After a 19.8 percent increase to €697 million in their exports for the first five months of 2011, compared with an increase of only 8.6 percent in imports to €233 million, Portuguese shoe manufacturers expect to reach a positive trade balance of €850 million for the full year in the sector. Portugal exports about 95 percent of its production to 132 different countries.

In terms of value, the official statistics show export increases for the five months of 10.8 percent in France, 21.4 percent in Germany, 22 percent in the Netherlands and 77 percent in Italy, partly offset by a 3.2 percent drop in the U.K. Outside the European Union, exports went up by 72.7 percent in Russia, by 21.8 percent in the U.S., by 28.6 percent in Japan and by 87.6 percent in Canada.

On the import front, the statistics show increases in value of 47.6 percent from China, 5.9 percent from Spain and 22.4 percent in Italy. In analyzing the figures, Apiccaps, the Portuguese shoe industry association, notes that the average price per pair of all imported shoes was €5.89, about one-fourth of Portugal's average export price of more than €19 a pair.

Portuguese shoe manufacturers are reaping the fruits of considerable investments in export promotion over the past years, including investments of €35 million made since 2008 with the help of the government. This year, 120 shoe companies will have spent about €11 million to participate in more than 70 international fairs.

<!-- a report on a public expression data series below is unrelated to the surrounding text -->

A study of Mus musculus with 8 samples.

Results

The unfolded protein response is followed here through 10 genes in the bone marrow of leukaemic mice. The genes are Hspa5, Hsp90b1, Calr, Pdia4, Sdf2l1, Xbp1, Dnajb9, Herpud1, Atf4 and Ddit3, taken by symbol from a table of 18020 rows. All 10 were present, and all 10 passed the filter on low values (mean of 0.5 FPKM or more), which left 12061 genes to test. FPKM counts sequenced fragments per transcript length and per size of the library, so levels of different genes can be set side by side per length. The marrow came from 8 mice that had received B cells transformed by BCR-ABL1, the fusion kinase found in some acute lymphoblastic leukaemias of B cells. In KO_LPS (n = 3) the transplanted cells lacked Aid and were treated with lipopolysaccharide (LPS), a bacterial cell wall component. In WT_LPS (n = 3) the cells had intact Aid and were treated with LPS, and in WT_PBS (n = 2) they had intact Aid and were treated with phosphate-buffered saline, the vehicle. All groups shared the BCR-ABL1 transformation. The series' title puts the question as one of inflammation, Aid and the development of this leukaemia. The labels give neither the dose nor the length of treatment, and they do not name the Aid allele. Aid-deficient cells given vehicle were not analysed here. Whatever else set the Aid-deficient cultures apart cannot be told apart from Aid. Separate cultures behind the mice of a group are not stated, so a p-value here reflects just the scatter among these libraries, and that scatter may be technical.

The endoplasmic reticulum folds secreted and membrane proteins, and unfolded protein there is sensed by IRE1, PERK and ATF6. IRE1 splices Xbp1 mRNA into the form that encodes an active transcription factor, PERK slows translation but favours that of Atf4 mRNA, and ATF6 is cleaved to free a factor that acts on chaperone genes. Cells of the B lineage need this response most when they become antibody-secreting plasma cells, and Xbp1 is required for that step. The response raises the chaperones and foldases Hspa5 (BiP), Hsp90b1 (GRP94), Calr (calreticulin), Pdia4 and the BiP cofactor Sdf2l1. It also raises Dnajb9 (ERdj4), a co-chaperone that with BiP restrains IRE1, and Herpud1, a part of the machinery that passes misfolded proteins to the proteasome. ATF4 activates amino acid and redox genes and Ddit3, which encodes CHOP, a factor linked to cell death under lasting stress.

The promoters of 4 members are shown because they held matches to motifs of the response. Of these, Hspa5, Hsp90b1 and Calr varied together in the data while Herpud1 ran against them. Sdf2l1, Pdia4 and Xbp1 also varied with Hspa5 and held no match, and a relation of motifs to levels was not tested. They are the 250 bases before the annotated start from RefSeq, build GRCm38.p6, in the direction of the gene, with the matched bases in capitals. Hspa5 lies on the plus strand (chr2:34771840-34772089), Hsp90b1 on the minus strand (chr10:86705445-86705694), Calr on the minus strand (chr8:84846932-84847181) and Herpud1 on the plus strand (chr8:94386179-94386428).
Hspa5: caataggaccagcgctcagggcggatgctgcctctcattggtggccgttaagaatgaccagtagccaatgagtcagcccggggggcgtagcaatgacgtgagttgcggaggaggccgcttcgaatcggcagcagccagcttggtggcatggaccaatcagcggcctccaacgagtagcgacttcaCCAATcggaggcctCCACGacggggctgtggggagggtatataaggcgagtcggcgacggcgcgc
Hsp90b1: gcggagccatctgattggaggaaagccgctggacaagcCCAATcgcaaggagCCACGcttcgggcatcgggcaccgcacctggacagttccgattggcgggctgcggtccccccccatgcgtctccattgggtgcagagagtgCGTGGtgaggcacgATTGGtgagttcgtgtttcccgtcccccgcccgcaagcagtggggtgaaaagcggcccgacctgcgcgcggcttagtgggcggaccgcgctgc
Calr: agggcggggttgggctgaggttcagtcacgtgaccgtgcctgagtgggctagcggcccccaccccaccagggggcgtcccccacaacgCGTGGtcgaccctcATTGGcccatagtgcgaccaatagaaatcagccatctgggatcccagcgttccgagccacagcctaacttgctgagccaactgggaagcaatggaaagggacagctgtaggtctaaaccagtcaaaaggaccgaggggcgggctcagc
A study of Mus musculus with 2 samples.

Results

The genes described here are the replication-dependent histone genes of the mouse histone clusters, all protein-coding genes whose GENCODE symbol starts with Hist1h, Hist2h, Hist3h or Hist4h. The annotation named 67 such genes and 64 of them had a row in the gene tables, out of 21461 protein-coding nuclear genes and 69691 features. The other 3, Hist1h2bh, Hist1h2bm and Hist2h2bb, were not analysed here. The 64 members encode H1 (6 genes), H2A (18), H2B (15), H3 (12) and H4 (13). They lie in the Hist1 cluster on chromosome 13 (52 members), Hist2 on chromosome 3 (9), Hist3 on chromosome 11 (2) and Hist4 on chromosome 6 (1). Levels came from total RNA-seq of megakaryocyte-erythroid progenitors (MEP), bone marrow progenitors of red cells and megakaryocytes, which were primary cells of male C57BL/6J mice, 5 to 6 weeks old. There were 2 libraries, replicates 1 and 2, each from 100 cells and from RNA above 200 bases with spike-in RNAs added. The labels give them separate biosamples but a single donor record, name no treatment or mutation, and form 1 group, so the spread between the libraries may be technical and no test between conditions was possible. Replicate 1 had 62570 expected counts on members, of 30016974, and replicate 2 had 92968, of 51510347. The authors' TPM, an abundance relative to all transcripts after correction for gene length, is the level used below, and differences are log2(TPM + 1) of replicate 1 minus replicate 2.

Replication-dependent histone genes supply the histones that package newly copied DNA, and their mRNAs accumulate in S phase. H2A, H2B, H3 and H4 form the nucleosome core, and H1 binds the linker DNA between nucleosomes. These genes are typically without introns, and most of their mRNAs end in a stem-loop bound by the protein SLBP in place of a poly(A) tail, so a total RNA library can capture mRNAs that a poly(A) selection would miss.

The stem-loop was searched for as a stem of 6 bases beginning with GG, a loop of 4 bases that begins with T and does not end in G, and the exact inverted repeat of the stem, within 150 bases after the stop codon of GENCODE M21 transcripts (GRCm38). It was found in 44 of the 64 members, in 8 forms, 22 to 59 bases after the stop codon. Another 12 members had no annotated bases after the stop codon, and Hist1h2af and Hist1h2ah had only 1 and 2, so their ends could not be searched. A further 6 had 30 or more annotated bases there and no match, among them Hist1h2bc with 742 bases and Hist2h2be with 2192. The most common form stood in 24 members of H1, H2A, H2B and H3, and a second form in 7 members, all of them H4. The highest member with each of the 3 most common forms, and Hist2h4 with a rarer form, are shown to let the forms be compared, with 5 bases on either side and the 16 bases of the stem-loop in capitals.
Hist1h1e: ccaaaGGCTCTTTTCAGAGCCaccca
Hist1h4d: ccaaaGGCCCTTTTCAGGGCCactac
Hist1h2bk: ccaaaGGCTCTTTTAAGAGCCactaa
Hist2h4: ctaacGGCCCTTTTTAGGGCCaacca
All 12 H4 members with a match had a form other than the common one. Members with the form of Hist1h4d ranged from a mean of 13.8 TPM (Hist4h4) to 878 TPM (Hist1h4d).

This September, they will participate in 16 different events. Sixty firms will show at the GDS fair in Düsseldorf, 25 percent more than a year ago. More than 90 Portuguese companies will exhibit at the later Micam show in Milan.

The quarterly industry survey conducted by Apiccaps indicates a positive development in orders and production volumes for the second quarter of this year. The number of companies recording an increase in their order backlog was 16 percentage points higher than those that suffered a decline. Companies that don't have their own collections fared worse than the others.

Apiccaps' survey indicates that shoe production should continue to increase in Portugal in the second half of this year, but the growth in orders will likely slow down. Prices will continue to increase, especially on the export front. Average prices have continued to go up for the sixth quarter in a row, with the number of companies reporting higher prices overtaking those that charged less by 9 percentage points. Stable prices were reported by 79 percent of the firms.